Bruce F. Webster
Bruce F. Webster is an internationally recognized expert on information technology (IT). He has been an invited speaker at international IT conferences in Russia, Japan, Central America, and the Middle East. At the invitation of the US government, he has given private IT-related briefings to representatives of other nations. He has given presentations at private conferences of the World Bank, the US intelligence community, and U.S. Congressional staff. He has testified about information technology issues three separate times before Congress and has provided analysis and documents to Senate and House committees. Likewise, he has been an invited speaker and participant at public and private conferences at the Center for Strategic and International Studies.
Webster has spoken at numerous US-based conferences, including: Mealey’s IT Systems Failure Conference (originator and co-chair); ABA Section on Litigation Winter Leadership Conference; Mealey’s Internet Law Conference; the Blue Cross/Blue Shield Millennium Solutions Conference; the National Association of Securities Dealers Conference; the University of Chicago Graduate School of Business Annual Management Conference; the MBA National Technology in Mortgage Banking Conference; and several of the Software Development and ObjectWorld Conferences.
Webster has been on “Special Report” (Fox News), “The News Hour with Jim Lehrer” (PBS), on other news shows on MS-NBC and Fox News, as well as in other TV shows and productions. He has appeared in news reports for NBC, CNBC, and ABC, among others, as well as a panelist in a three-hour C-SPAN broadcast. He has been cited in Newsweek, Barron’s, The Wall Street Journal, National Journal, National Review, American Banker, and a wide range of radio, magazine, newspaper, and newswire stories.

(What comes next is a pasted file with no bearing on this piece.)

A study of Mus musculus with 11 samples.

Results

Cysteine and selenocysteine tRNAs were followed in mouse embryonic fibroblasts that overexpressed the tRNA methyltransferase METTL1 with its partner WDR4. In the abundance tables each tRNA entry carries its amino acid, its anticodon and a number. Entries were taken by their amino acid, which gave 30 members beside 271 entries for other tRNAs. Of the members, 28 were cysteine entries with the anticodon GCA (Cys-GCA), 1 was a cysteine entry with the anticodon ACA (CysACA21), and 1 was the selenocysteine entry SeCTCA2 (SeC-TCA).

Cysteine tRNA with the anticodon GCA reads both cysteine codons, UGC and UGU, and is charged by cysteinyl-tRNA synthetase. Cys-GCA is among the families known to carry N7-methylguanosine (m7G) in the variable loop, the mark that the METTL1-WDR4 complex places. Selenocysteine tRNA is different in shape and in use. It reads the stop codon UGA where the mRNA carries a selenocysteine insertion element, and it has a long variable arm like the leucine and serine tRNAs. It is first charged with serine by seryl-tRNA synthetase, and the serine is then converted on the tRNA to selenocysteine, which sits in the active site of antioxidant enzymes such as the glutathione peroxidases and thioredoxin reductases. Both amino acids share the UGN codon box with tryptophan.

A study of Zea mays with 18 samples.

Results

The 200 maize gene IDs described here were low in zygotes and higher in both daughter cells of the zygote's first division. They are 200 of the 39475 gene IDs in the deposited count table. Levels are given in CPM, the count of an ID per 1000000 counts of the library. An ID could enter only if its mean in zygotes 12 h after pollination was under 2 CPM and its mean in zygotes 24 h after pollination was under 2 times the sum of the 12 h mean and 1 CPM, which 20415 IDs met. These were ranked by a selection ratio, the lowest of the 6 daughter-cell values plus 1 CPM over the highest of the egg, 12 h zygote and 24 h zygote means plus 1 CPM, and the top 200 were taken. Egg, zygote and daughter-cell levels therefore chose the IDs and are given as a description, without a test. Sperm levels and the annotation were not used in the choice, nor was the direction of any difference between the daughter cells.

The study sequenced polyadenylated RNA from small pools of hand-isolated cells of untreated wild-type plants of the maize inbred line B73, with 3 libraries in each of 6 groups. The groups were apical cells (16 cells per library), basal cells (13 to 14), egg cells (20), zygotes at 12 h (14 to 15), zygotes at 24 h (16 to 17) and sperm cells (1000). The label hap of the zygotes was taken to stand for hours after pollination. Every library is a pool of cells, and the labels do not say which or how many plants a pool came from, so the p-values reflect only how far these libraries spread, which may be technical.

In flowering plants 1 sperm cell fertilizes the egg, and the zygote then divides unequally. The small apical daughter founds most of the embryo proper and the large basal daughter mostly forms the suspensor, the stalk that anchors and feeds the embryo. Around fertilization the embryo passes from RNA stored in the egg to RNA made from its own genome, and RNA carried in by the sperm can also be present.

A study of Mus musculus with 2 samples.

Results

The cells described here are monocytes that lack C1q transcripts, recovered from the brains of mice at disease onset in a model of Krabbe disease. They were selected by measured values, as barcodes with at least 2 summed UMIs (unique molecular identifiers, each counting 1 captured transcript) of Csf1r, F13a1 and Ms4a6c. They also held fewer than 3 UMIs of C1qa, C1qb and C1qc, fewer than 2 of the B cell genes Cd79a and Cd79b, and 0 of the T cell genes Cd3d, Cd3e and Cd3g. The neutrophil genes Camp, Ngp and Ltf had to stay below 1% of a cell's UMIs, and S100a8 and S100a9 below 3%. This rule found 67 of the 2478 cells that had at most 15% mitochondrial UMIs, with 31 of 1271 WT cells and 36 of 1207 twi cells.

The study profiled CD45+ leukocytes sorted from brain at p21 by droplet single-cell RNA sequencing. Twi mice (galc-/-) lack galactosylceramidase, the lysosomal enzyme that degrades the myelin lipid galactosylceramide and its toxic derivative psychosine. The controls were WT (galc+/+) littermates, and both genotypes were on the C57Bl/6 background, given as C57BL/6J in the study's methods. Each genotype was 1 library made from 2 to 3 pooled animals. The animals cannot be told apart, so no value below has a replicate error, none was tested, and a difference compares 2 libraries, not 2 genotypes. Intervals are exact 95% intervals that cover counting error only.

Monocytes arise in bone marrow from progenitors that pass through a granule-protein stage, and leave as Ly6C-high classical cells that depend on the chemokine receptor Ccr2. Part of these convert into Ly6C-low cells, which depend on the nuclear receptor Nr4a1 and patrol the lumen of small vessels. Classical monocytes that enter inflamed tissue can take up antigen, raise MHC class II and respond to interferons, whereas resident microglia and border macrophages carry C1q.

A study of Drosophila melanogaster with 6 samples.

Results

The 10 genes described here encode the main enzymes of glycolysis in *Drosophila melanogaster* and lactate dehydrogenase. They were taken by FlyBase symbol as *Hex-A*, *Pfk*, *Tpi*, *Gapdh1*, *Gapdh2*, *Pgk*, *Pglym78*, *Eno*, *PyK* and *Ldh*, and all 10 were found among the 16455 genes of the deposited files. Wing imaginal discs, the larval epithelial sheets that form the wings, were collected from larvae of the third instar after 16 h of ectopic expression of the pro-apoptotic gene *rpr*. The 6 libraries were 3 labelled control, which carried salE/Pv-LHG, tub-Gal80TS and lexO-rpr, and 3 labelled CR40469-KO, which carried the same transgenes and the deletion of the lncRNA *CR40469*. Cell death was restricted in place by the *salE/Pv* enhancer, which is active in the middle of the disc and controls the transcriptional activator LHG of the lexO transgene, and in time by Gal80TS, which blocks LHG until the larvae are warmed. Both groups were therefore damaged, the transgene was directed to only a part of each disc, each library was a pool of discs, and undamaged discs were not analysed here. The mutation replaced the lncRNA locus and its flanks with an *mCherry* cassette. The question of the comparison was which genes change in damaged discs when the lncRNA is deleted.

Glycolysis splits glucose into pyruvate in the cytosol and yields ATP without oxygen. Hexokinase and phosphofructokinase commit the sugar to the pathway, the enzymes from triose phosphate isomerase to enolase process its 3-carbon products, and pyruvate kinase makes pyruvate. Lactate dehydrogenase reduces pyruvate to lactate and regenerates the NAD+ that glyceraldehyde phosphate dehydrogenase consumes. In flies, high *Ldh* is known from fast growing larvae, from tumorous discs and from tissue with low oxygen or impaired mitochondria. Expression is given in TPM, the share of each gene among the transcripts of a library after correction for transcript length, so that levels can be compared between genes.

Webster personally has been involved in developing, delivering, analyzing, and advising on information technology for over 40 years in a broad range of fields: e-commerce, finance, communications, commercial software, manufacturing, aerospace, and law. He has done consulting with or at a variety of companies during the past fifteen years, including Fannie Mae, Sprint, Capital One, USF&G, Northrop Grumman, ARINC, Motorola, MCI, Apple Computer, Borland, NeXT, and Sun. He also taught computer science for two years (1985-1987) at Brigham Young University.
Webster also spent more than a decade in the commercial software market, helping to start up two different software companies and to raise over $7M in venture funding for one of them. He has contributed to over a dozen commercial software products on half a dozen platforms, acting as chief architect twice. He has served as chief technical officer for two different companies.
Since 1980, Webster has written and published over 150 articles on computer industry analysis, product evaluation, and software development. Since 1989, he has authored four popular and well-received books on information technology issues while contributing to two others. In 2000, Webster authored the PricewaterhouseCoopers white paper “Patterns in IT Litigation: Systems Failure (1976-2000)” (PDF, 214KB). Webster subsequently wrote two articles based on that research, one for Mealey’s Cyber Tech Litigation Report and the other for the ABA Computer & Internet Litigation Journal. Webster wrote for two years as an IT management columnist (“Surviving Complexity“) for the online version of Baseline.
Webster is a Partner at Ironwood Experts. He provides expert analysis in matters involving information technology, with a focus on system development, project failure, intellectual property, web and internet technologies, and software engineering. He has worked with several large corporations, providing advice on enterprise systems architecture, software technology, development methodology, and intellectual property practices. He has also consulted in several dozen legal cases in the United States, as well as in Japan and the United Kingdom. Webster has acted as both an arbitrator and as a neutral expert in IT-related litigation; he has also qualified and testified as an IT expert in federal and state court, as well as in arbitration. He is a graduate of Brigham Young University (BSCS, 1978) and did graduate work in computer science at the University of Houston/Clear Lake City. He and his wife Sandra live in Provo, Utah. He can be reached at firstname.lastname@example.org.